Microsoft promises Internet Explorer patch as Windows zero-day surfaces

The zero-day Internet Explorer bug, 979352, was discovered after Google and others reported a concerned attack against their intellectual property from Chinese servers. The bug allows the execution of arbitrary code using a corrupted memory reference that can be mounted from a malicious website.

"Given the significant level of attention this issue has generated, confusion about what customers can do to protect themselves and the escalating threat environment, Microsoft will release a security update out-of-band for this vulnerability," said George Stakhakopoulos, general manager of Microsoft's Trusted Computing Security team. The timing of the release will be announced on January 20.

However, even as Microsoft posted that message to reassure its users, another flaw was discovered that affects all versions of Windows, from NT 3.1 through to Windows 7. Posted on the Full Disclosure mailing list, the vulnerability lies with the segment of the Windows NT kernel that allows 16-bit applications to run. This segment uses Virtual-8086 mode, and it can be manipulated to allow tasks to escalate their privileges, becoming very trusted by the system.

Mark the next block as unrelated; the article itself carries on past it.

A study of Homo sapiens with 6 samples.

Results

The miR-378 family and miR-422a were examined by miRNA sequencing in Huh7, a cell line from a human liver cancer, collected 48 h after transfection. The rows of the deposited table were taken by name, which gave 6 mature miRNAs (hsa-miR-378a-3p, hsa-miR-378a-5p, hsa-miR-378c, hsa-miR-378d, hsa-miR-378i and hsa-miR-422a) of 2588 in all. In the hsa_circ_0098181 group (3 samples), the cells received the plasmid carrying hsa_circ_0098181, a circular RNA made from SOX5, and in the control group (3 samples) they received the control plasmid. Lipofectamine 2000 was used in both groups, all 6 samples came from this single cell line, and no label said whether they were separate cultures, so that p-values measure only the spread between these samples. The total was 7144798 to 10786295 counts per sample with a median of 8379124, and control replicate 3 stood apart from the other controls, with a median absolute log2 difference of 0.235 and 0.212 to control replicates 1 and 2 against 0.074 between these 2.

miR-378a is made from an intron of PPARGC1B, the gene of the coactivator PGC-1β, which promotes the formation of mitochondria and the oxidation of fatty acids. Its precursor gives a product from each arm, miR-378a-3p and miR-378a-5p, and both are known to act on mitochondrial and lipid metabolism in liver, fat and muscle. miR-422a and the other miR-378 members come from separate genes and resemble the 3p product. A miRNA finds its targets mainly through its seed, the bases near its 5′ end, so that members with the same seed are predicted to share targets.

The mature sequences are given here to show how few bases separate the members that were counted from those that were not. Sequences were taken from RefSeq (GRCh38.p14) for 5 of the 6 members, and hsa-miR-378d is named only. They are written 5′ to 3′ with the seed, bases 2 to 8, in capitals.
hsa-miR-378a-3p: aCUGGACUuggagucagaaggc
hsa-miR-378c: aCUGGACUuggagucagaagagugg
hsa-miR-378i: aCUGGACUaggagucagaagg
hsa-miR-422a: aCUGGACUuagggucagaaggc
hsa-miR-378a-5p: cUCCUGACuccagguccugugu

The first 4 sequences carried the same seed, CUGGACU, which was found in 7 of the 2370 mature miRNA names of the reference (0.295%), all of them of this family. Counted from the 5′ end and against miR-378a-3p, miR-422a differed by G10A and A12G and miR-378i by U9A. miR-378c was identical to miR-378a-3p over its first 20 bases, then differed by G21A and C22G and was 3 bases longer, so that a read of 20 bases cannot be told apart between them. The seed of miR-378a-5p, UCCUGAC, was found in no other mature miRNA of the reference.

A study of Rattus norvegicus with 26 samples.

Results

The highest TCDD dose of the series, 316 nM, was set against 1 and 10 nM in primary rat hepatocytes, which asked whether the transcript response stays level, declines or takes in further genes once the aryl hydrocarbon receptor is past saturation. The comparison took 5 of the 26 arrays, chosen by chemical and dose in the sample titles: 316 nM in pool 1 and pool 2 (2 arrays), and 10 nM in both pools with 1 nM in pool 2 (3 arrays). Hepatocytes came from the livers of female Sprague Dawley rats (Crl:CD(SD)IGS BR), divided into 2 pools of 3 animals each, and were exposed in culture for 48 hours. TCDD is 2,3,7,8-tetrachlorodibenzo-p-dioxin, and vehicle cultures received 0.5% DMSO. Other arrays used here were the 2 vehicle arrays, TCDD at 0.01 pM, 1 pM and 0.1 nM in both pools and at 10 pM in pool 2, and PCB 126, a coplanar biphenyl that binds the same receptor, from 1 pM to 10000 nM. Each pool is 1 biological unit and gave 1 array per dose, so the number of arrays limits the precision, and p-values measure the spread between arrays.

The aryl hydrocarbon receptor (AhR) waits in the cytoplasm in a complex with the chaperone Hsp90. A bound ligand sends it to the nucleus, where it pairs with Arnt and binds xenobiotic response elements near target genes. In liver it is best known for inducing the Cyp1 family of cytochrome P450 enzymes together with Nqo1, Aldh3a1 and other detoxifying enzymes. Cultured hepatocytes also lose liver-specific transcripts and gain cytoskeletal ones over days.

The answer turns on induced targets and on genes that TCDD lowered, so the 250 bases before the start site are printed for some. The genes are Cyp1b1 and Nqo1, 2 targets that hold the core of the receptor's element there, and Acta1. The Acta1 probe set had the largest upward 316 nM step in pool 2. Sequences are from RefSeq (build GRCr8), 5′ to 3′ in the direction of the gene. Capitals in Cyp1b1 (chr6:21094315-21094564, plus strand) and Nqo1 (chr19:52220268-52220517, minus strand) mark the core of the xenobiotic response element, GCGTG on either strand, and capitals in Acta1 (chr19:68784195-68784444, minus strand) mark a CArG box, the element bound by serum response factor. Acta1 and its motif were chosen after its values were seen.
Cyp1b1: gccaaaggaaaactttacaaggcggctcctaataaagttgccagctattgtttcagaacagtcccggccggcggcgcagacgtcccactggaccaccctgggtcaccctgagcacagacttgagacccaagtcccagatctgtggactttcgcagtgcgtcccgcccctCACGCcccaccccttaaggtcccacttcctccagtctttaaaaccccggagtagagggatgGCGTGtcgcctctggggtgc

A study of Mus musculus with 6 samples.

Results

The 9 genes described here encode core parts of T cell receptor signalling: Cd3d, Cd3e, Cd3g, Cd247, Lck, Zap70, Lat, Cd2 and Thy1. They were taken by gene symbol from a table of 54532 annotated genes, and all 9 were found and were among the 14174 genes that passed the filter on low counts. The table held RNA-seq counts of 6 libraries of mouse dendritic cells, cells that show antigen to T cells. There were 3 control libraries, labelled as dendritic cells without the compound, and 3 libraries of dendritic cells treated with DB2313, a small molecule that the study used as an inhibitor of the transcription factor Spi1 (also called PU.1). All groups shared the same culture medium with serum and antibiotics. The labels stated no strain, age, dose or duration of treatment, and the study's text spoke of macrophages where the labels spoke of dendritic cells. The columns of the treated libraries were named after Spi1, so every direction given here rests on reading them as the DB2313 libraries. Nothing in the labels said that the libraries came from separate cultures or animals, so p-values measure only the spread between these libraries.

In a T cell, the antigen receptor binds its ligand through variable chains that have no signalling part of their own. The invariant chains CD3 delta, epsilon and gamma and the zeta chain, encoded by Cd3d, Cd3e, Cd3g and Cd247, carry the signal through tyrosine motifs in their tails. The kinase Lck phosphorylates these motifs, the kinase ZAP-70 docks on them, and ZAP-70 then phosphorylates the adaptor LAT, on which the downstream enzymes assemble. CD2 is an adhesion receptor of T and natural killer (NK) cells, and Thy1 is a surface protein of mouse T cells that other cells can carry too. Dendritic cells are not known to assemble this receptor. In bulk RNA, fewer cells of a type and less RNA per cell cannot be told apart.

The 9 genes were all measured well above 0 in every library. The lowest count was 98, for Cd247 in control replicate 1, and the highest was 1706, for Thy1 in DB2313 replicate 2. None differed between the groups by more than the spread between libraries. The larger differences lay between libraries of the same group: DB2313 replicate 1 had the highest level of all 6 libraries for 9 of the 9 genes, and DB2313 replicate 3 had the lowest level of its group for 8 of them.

The researcher who found the flaw, Tavis Ormandy, advises IT administrators to disable 16-bit application support in their client systems, which will have minimal effect on most systems because most modern applications use 32 bits. The change can be made by applying the policy template "Windows Components\Application Compatibility\Prevent access to 16-bit applications" in the Windows group policy editor.

"Microsoft was informed about this vulnerability on 12-Jun-2009, and they confirmed receipt of my report on 22-Jun-2009," Ormandy posted. "Regrettably, no official patch is currently available. As an effective and easy to deploy workaround is available, I have concluded that it is in the best interest of users to go ahead with the publication of this document without an official patch. It should be noted that very few users rely on NT security, the primary audience of this advisory is expected to be domain administrators and security professionals."